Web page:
Seth Phineas Mills
Texas State Senator Early Cattleman of Waco Civil War Veteran
Seth Mills was born February 11, 1841 in King’s Point, Missouri and graduated from college near there in Newtonia before enlisting in the Confederate Army. He fought in numerous battles and impressed his superiors enough that they promoted him based on gallantry in action. This was increasingly impressive for a man who was only nineteen years old at the start of the War. As a lieutenant, he continued to inspire the soldiers above and below him until the War came to a close in 1865. Mills’ unit was dissolved in Corsicana, Texas. This was far from home for Mills and he found himself in a strange new land needing a new cause.
By 1870, Mills had begun to build a respected reputation in central Texas as a rancher living in the new town of Speegleville, just west of Waco. He farmed and raised cattle until they were big enough to sell and then he’d take them up to Kansas City to sell them. When he was just getting started, he couldn’t afford a wagon so walked the whole way there and back until he built up some money. It was on his way back from one of these walks that Mills paused for a photograph. He couldn’t have known how iconic that photo would become. In it, he stands in front of the Suspension Bridge with small shops and wagons lining the dirt road on either side of him. His hands are in his pockets and according to the story told by his granddaughter many years later, each hand was likely touching a Colt revolver. You never knew who or what you’d meet on the trail to Kansas City and back.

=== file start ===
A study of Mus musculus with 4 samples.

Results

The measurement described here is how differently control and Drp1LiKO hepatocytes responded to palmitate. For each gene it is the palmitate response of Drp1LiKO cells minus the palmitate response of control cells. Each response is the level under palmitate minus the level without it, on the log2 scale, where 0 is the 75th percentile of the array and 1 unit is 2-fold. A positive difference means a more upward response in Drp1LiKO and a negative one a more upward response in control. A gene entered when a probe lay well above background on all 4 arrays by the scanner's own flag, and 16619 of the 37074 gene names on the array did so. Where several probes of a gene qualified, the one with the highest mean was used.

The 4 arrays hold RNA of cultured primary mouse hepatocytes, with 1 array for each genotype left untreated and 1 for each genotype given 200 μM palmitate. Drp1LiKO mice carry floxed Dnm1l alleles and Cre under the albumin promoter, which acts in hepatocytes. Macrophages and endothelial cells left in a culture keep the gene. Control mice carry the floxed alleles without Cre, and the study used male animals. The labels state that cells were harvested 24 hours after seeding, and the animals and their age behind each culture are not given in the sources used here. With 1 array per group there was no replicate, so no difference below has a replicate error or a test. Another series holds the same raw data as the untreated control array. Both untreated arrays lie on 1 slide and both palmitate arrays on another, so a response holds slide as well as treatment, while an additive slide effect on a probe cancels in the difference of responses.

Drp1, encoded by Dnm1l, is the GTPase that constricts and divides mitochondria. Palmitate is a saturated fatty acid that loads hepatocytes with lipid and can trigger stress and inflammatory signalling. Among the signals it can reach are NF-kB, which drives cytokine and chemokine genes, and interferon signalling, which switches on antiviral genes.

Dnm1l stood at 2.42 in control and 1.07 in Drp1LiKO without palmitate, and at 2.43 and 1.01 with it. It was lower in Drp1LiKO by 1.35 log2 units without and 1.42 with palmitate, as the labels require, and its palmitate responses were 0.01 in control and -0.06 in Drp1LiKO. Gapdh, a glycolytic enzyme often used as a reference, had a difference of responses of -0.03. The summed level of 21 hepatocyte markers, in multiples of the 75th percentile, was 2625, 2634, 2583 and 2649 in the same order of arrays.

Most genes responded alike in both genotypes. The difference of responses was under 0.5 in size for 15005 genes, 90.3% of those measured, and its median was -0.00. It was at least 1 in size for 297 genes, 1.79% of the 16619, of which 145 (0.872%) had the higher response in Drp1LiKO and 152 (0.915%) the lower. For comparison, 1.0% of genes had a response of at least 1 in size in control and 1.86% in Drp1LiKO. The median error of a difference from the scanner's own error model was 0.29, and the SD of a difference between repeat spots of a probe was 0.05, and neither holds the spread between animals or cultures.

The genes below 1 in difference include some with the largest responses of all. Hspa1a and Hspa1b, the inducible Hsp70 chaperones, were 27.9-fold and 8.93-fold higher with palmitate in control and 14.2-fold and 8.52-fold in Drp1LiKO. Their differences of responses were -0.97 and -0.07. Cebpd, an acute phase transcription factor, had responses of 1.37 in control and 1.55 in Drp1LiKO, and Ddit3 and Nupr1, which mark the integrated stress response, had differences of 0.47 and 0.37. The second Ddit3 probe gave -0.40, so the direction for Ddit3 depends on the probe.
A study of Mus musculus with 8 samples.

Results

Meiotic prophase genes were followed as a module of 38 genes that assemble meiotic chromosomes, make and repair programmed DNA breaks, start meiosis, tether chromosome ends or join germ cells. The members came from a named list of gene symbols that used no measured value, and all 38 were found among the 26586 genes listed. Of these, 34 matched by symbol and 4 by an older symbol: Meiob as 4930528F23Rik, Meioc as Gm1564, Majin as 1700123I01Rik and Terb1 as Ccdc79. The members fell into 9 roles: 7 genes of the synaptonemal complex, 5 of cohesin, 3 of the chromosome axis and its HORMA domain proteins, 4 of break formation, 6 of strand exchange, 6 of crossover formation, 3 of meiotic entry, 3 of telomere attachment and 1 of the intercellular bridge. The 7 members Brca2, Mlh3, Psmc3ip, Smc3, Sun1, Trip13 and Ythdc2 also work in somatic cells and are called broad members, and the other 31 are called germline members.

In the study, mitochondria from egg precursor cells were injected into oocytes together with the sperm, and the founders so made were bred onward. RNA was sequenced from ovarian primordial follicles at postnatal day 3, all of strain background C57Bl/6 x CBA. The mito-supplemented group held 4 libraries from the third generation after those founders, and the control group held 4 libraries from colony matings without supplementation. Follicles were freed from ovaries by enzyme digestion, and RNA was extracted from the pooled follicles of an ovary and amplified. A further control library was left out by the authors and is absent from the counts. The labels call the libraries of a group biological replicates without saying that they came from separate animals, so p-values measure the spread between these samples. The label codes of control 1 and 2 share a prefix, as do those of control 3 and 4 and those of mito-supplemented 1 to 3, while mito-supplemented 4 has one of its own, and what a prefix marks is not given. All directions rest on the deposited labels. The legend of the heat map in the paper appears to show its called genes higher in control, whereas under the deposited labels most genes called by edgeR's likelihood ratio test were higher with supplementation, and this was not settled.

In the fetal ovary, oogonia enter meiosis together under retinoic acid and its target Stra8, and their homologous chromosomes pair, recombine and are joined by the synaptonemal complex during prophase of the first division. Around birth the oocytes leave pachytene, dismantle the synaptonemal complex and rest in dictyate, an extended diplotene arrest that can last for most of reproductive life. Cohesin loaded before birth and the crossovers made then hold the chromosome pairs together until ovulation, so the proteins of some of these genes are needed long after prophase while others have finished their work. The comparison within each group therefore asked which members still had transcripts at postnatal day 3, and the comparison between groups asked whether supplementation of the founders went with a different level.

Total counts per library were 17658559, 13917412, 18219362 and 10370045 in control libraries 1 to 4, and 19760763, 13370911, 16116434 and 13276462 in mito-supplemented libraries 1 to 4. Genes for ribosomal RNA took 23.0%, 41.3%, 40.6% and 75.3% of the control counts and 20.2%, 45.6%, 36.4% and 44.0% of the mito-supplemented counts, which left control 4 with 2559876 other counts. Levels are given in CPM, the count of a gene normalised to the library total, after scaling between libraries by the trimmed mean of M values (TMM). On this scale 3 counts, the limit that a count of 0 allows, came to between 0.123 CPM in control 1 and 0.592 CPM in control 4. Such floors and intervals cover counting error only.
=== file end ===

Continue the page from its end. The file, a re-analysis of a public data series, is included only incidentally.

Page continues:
Those long walks paid off and Mills built himself quite a fortune. His newfound wealth afforded him the time to focus on other things so he turned to politics where he quickly rose from the city to the county levels. Then, Mills was elected to the Texas House of Representatives in 1879 and re-elected several times until he was finally elected to the State Senate in 1902. He served on dozens of committees while a member of the State Legislature.
In 1916, thirty seven years after his first election to the Legislature, Mills was running for the Waco office of city finance commissioner. At a Katy railway station in Bellmead where he was meeting laborers and asking for their votes, he attempted to cross the track to avoid an oncoming train but failed. He died three hours later. The city went into mourning and people from all over the State came forth to recognize his impact on Texas society. In remembering him, his peers agreed on three attributes: integrity, work ethic, and kindness.